I began beekeeping in the spring of 2018 and currently have two hives. My original plan for this year (how is it 2019 already?) was to expand to 4 hives by splitting these hives in spring (assuming both made it through winter), or through a combination of splits and purchasing nucleus hives if I had winter losses. Due to unforeseen regulatory issues, that "expansion" will have to be delayed a year (i.e. until 2020), which leaves me in a bit of a pickle. With only two hives I have little room for losses and I have very few options for helping struggling hives by moving resources between hives. To make matters worse, my oldest queen may be due for replacement in the spring of 2020 (when she'll be nearing 3 years old) and so I need to start making "succession plans".
I've read a bit about resource hives, and I think this may be a reasonable stop-gap measure for this year (and something useful moving forward). AFAIK, there is only one kind of resource hive out there, but to be clear I mean the hives where you "split" a deep box into halves, with each half functioning as a mini-hive. This would potentially give me some resources to move between hives, and could be over-wintered as a combination of a hedge against colony loss, could act as a source for a replacement queen, and could even be used as nucs for starting new full-sized hives.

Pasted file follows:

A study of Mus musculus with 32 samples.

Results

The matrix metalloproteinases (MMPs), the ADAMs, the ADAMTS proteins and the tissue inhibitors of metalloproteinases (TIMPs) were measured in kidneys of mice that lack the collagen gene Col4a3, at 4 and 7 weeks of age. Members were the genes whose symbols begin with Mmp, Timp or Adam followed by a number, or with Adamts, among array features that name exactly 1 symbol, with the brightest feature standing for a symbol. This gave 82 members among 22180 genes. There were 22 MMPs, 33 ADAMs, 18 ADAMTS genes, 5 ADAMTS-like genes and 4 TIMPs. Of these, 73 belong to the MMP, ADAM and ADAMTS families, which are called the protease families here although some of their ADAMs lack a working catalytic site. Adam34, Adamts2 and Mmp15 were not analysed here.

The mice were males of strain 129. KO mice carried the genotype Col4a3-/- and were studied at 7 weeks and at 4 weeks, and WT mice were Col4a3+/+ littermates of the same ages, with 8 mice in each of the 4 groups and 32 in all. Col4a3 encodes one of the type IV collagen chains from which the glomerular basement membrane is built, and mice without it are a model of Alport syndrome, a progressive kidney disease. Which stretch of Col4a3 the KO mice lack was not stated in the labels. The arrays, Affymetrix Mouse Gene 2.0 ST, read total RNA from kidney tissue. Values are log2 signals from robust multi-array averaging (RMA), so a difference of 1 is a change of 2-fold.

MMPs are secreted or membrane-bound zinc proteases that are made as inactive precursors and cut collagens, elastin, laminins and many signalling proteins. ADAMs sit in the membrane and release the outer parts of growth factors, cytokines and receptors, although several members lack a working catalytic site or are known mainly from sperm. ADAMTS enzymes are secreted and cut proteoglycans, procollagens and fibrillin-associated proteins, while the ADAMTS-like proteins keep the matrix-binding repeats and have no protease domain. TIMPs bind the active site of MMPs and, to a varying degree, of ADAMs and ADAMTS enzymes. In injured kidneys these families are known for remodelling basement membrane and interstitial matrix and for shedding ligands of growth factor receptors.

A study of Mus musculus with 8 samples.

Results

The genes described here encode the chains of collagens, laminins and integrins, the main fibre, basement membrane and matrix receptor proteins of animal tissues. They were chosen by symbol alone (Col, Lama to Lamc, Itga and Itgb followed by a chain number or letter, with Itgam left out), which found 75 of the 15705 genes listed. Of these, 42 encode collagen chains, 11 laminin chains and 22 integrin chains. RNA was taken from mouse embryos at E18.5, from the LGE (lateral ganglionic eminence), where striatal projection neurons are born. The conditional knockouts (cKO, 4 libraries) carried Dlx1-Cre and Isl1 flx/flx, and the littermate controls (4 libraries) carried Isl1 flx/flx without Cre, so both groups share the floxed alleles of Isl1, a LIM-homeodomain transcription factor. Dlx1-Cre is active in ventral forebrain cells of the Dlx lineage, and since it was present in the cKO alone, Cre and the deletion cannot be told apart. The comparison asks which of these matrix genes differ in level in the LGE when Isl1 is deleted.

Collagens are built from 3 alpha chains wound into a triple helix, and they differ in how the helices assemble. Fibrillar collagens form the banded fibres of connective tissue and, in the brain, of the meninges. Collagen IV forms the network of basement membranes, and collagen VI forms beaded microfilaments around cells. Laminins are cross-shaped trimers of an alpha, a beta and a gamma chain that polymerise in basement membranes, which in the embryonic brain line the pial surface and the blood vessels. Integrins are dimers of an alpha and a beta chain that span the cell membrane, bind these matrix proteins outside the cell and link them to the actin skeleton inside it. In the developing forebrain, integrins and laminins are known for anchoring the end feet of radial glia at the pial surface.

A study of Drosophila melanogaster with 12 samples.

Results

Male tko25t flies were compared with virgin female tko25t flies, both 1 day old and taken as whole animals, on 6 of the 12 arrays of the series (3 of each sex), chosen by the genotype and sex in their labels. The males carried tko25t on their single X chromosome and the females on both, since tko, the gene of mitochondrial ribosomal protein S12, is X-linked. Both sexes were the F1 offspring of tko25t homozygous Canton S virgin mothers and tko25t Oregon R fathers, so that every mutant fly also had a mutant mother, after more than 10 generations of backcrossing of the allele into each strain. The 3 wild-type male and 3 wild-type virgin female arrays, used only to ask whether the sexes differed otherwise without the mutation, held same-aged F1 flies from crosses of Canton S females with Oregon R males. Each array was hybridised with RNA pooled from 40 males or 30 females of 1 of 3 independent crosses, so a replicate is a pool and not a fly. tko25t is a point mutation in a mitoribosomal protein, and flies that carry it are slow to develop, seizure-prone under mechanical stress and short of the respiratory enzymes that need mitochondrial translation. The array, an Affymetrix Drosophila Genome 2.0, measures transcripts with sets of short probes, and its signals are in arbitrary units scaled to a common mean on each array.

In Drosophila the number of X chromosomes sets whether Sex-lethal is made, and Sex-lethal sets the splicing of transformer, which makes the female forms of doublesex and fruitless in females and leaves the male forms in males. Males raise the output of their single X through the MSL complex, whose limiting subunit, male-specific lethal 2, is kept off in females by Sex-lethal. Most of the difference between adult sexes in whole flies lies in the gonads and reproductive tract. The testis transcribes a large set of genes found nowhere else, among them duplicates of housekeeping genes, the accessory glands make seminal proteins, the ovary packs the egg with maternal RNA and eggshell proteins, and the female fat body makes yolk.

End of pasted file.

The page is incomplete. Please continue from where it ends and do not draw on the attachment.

But this brings up two questions:
- Is this a dumb idea (i.e. is there a better way to build some more redundancy & capacity into my operation short of out-and-out starting new full-sized hives)?
- Assuming I started these this spring, how do I keep the colonies small-ish - i.e. of a size that would fit into the half-hive + half-super size of a resource hive? My experience last year was one of exponential growth that would easily out-grow such a small hive in a month. Do I just let then swarm?